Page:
FAA installing last-minute Y2K patch

The Federal Aviation Administration started a rush project today to fix an undetected Year 2000 software glitch at the 21 en route air traffic control centers across the country.

According to the union that represents workers who install and maintain air traffic control equipment, the problem could jeopardize the safety of airline passengers if unresolved.

The FAA had declared all 628 of the computer systems that make up the nationwide air traffic control system fully Year 2000-compliant earlier this month, but the Professional Airways Systems Specialists union said the agency is rushing to install a fix today for a potential date-code bug in host computer systems at the 21 en route centers that control all domestic air traffic.

PASS regional vice president Tom Demske said, "Once again, the FAA took shortcuts and nearly put passenger safety in jeopardy.... After bragging about [Year 2000] compliance, the agency has to scramble at the last minute to meet its responsibilities."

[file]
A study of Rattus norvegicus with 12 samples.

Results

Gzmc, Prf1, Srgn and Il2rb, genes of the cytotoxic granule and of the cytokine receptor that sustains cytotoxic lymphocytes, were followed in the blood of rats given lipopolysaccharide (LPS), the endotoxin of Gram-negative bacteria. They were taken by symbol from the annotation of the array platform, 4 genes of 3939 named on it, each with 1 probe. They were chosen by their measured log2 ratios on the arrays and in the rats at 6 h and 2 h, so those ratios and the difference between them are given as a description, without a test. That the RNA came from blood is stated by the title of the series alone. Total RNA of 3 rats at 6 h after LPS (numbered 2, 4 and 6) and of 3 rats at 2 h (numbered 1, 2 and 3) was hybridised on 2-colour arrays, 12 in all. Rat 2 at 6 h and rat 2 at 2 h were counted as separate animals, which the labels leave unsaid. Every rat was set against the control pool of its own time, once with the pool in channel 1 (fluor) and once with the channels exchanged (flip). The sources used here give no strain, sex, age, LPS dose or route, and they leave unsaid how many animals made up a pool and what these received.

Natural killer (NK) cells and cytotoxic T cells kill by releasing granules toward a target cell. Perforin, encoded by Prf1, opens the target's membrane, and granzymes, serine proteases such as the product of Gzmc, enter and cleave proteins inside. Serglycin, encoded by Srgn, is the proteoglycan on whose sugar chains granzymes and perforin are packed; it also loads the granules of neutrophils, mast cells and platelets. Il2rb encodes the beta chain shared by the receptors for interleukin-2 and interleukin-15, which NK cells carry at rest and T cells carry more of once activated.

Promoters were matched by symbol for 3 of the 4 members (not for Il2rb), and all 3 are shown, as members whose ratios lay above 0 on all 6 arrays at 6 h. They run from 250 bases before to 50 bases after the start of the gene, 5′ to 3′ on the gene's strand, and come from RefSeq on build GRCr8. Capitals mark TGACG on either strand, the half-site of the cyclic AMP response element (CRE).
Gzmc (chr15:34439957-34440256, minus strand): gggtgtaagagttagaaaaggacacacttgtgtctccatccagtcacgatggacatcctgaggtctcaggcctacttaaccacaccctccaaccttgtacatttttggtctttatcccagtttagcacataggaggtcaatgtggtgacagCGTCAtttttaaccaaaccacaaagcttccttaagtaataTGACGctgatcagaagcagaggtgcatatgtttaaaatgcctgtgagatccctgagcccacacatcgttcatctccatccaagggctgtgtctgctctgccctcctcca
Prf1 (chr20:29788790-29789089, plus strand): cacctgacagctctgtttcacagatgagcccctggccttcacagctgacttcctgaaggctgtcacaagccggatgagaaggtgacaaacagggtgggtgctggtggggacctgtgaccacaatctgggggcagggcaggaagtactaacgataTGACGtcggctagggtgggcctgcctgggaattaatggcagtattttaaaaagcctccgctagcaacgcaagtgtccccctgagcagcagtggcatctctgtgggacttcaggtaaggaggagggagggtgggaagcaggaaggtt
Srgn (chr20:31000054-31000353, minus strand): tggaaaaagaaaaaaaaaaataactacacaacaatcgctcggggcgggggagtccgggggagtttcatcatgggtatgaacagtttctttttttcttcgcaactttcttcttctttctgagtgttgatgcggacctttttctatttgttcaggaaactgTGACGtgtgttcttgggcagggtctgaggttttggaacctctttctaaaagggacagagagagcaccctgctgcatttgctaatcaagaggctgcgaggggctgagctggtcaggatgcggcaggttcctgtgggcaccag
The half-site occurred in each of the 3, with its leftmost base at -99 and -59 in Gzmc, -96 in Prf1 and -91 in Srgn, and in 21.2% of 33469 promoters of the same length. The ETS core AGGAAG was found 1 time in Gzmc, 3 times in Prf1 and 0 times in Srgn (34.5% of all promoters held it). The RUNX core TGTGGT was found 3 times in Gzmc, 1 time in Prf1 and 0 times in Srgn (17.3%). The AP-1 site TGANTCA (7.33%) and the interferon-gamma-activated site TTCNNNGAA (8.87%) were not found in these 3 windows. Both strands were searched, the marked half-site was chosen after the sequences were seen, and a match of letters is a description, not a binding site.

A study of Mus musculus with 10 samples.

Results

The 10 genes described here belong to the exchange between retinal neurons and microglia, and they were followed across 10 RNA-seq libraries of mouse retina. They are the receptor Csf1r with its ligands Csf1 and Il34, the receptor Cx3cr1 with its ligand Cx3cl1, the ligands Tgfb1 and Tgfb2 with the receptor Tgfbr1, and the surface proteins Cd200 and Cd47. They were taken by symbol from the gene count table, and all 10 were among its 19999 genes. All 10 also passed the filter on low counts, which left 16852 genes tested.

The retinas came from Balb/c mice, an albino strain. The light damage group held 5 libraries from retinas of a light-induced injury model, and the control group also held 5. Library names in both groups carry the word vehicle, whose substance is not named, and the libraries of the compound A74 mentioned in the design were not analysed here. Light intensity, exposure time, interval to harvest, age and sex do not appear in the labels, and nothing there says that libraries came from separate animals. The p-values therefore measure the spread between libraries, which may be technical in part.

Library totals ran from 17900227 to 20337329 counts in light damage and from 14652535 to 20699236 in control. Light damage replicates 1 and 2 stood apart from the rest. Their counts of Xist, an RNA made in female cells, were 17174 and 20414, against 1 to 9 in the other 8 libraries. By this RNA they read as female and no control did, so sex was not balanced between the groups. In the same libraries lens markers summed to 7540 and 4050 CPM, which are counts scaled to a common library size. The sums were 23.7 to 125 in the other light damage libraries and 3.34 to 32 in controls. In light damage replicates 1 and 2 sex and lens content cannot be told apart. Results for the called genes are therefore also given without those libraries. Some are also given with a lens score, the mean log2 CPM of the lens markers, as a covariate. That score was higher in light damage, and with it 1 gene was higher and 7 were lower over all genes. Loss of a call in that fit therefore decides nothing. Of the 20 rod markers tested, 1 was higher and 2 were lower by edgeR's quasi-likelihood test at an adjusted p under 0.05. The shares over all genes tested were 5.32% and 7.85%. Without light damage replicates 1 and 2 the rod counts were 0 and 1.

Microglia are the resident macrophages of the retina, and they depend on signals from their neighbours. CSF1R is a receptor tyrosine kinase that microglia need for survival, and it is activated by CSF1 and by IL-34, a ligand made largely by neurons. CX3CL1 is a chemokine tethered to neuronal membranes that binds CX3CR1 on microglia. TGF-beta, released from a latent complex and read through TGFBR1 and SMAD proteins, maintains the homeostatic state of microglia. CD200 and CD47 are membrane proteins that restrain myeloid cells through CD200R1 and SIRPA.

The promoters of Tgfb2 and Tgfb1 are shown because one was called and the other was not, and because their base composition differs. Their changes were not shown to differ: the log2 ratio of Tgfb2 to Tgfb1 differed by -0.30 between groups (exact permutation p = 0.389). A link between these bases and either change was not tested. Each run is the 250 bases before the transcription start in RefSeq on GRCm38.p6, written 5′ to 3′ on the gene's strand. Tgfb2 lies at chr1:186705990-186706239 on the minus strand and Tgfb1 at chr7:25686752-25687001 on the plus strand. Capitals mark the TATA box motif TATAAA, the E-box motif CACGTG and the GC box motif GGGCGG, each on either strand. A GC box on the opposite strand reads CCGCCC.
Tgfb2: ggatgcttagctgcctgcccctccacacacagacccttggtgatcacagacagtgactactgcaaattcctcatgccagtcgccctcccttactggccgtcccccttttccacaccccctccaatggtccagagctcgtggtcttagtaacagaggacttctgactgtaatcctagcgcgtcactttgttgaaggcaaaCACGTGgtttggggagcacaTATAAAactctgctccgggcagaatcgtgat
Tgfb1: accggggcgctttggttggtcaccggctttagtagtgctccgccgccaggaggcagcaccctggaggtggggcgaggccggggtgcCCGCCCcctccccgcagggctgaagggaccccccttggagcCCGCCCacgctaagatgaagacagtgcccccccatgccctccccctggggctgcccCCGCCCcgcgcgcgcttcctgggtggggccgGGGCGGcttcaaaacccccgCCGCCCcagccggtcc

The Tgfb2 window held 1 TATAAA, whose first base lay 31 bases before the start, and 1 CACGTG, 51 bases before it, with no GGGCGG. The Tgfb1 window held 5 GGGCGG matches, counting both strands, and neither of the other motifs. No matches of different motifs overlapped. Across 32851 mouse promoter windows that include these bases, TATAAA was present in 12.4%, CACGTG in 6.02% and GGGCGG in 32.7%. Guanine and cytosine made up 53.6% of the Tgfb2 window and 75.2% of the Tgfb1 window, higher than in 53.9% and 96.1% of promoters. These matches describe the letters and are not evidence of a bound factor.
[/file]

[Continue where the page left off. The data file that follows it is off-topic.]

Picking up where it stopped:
Air traffic controllers use the host computers to track airplanes and flight plans. A safety feature of the system—which is in the midst of a $1 billion upgrade by Lockheed Martin Corp.—allows it to perform a brief start-over when encountering a problem. The recovery is designed to be invisible to the user.

But PASS said that without the Year 2000 patch, which is being installed less than a day before the turn of the century, the system would recognize Year 2000 data as earlier than 1999 data after restart.

PASS said this date anomoly would result in loss of flight plan data and tracking information, "causing air traffic controllers to lose data from their screens and endangering passengers lives."

The FAA had no immediate comment on the PASS statement.